Secrets Beneath Our Feet:
The Artwork of Luke O’Sullivan
At first, a tree is just a tree. You don’t think twice about it.
Later, in college, a tree becomes something else. It’s actually a perception of a tree, and in order to perceive something unconscious events must happen in your brain first. As Erwin Schrodinger wrote in My View of the World, “… we can state with certainty that the tree is seen and perceived if and only if certain events, quite unknown to us in detail, occur in the observer’s central nervous system.” It’s weird at first, but makes sense. We are physical things with internal mechanisms. Our experience of the world is processed information.
But, after college, a tree is just a plain ol’ tree again. All that stuff about processed information is interesting, but, really, irrelevant. We just see the tree. No matter how much we know about preconscious brain activity, we never experience it. The unconscious remains unconscious.
If only we could go below. Many of us long to descend to unknown depths, to discover secret knowledge. We all sometimes have a feeling that everyday life is a façade. Preceding his theory of the collective unconscious, Carl Jung had a dream, recounted in his memoir Memories, Dreams, Reflections. He found himself on the top floor of a house full of antiques. As he descended, the artifacts became more and more ancient. The ground floor was medieval, the stone basement was Ancient Roman, and the sub-basement was a narrow cave. At the dusty nadir he discovered pottery, bones, and two human skulls. Then he woke up.
Occasionally we glimpse an inner depth, like Jung did in his dream. More frequently, we get simulations in myths and art. Our heroes are either pulled under, like Jesus in the “Harrowing of Hell” between the crucifixion and resurrection, or go down by choice, like Neo taking the red pill. Joseph Campbell called it “Abyss,” where the adventurer is “swallowed into the unknown,” only to be born again. Orpheus descends to rescue Eurydice, Dante recounts the torturous inner chambers, Maheo summons life from the lake of creation, Alice tumbles down the rabbit hole, and artist Luke O’Sullivan lays bare an underground infrastructure.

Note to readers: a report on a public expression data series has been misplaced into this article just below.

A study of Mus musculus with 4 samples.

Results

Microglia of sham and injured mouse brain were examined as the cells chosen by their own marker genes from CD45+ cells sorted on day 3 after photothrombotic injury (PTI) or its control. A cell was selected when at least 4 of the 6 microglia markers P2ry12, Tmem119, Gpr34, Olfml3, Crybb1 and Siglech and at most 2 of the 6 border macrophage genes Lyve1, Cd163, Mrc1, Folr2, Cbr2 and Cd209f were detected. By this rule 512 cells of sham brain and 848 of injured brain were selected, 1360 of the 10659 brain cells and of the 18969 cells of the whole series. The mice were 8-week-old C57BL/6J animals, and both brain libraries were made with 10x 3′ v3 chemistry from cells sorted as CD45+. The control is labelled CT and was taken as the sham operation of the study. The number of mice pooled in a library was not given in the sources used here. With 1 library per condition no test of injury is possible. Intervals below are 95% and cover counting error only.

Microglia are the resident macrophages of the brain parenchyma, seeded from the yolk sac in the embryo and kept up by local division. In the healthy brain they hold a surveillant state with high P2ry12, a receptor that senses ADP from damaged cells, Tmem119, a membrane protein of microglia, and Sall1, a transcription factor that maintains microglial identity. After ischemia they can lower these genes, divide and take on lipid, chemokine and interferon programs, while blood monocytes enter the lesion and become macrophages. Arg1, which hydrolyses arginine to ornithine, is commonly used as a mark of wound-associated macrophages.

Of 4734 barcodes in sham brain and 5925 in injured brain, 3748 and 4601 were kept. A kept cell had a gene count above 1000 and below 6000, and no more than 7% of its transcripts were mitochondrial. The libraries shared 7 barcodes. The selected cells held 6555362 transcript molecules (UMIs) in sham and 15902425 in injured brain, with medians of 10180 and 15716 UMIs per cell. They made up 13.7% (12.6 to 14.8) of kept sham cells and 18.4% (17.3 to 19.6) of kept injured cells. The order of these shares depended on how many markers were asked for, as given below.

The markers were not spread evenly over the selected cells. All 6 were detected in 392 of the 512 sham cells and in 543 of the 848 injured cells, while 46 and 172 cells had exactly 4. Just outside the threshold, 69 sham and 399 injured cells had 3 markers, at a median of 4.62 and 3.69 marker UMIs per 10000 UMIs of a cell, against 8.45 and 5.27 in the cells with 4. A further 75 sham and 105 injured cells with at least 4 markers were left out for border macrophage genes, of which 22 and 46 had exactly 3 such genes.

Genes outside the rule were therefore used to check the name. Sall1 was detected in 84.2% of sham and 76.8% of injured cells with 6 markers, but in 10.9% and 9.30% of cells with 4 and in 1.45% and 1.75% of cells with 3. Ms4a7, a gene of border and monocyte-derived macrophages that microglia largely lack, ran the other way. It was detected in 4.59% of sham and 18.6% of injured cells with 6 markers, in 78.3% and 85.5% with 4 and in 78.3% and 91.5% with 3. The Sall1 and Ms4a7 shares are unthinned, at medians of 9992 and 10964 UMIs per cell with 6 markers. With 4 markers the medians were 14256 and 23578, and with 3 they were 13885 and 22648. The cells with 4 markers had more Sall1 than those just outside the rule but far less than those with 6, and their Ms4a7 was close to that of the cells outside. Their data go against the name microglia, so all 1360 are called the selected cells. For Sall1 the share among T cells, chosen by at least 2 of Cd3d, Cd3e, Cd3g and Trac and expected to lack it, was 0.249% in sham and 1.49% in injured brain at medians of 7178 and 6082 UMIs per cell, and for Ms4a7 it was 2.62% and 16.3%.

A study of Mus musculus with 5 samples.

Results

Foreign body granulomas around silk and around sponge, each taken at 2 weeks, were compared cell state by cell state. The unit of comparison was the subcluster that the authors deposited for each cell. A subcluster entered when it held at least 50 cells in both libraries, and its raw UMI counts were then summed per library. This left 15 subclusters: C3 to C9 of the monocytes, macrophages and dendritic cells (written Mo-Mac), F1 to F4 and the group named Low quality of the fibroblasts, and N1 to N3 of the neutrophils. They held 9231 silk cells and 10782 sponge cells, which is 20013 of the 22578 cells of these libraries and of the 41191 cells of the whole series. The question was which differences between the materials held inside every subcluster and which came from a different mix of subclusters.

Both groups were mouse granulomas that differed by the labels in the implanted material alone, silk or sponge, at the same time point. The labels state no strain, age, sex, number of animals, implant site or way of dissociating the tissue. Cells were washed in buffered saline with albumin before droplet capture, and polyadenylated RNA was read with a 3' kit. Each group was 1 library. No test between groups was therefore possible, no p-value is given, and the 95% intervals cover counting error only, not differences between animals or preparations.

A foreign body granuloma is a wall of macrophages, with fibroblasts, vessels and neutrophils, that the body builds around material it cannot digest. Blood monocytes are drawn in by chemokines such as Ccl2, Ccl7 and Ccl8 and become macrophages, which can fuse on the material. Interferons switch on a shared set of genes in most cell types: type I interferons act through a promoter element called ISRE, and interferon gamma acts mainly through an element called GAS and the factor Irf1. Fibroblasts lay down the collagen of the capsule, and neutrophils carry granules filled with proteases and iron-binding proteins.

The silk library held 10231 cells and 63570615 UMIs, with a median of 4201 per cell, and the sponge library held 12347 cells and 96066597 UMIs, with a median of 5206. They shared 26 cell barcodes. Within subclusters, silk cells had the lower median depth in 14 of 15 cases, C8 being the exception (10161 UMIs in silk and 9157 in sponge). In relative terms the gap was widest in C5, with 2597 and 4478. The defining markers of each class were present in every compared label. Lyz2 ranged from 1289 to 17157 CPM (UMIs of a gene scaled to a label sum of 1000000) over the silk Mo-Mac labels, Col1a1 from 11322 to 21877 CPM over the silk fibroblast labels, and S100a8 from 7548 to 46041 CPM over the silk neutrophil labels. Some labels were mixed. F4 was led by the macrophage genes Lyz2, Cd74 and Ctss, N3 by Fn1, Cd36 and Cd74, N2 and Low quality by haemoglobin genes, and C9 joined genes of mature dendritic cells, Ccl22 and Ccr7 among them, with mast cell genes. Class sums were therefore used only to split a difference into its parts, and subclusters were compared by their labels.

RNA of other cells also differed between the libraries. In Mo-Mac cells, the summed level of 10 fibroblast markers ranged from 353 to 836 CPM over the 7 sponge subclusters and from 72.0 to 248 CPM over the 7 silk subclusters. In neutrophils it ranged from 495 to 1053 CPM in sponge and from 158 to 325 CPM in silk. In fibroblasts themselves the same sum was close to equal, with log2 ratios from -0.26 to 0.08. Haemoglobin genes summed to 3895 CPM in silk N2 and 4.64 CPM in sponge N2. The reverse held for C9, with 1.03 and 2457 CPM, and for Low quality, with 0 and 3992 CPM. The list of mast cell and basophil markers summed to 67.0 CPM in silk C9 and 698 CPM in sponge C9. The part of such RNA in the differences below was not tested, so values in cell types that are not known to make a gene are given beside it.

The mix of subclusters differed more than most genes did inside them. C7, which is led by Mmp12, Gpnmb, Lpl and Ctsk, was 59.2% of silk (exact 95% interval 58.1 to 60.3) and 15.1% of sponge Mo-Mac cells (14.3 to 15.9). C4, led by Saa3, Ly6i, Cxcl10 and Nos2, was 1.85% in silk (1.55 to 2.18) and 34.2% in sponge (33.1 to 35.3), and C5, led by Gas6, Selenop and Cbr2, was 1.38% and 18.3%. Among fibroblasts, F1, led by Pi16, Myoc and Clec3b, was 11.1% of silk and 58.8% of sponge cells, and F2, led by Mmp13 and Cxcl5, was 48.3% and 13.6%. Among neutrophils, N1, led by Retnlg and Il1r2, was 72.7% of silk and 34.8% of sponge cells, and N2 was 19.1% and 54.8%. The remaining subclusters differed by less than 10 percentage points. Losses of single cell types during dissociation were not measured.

O’Sullivan’s new show Cool Shelter, at Paradigm Gallery in Philadelphia, features sculptures of fictional cities. He presents a parody of the urban skyline — intricate skyscrapers of brick and glass in an architectural hodgepodge. Pipes surface here and there to spew sludge down the sides of buildings. In the layers of decayed facades the viewer senses the numbing indifference of progress.
The eye is drawn downward, from precise lines to simple subterranean levels. Beneath the decrepit city, through trap doors and down ladders, narrow platforms hang, adorned with sparse, primitive houses. Though cluttered, these underground levels offer the only open spaces in O’Sullivan’s sculptures.
We wonder about the function. Do wires indicate an underground power source? Are the pipes a sewage system, or do they pull up some thick coolant to contaminate the city above? Who are the people who live below? We consider Native American pit houses, underground military bases, the maintenance required for a massive city, and the elusive ‘mole’ outcasts living in abandoned subway tunnels. We note that the underground layers are constructed from the same material as the city above — evidence that the subterranean is essential in some way.
O’Sullivan’s work is different from other depictions of the underworld because of its apparent objectivity. It’s too obvious to notice at first, but eventually the viewer asks, “where is everybody?” There are no people anywhere, no signs of life. The display is too impersonal, like a scientist dissecting a human brain. This is where the preconscious brain events occur, the scientist reveals. But of course, the subject is dead.
Cool Shelter is a physical representation of the limits of perception. In the sculptures we sacrifice the personal experience of going through a city for the bird’s eye view of the entire structure. O’Sullivan shows us the city in a way that we never could see as inhabitants of the city itself. Instead of Jung’s dream, we get a blueprint of his era-spanning house. O’Sullivan teaches us that we can only simulate our environment by removing ourselves from it.
Exiting the gallery onto the streets of Philadelphia, we’re painfully aware that we can never see exactly where we are, only where we’ve been. What could be beneath us right now? We can only guess. And our guesses won’t be as interesting as Luke O’Sullivan’s.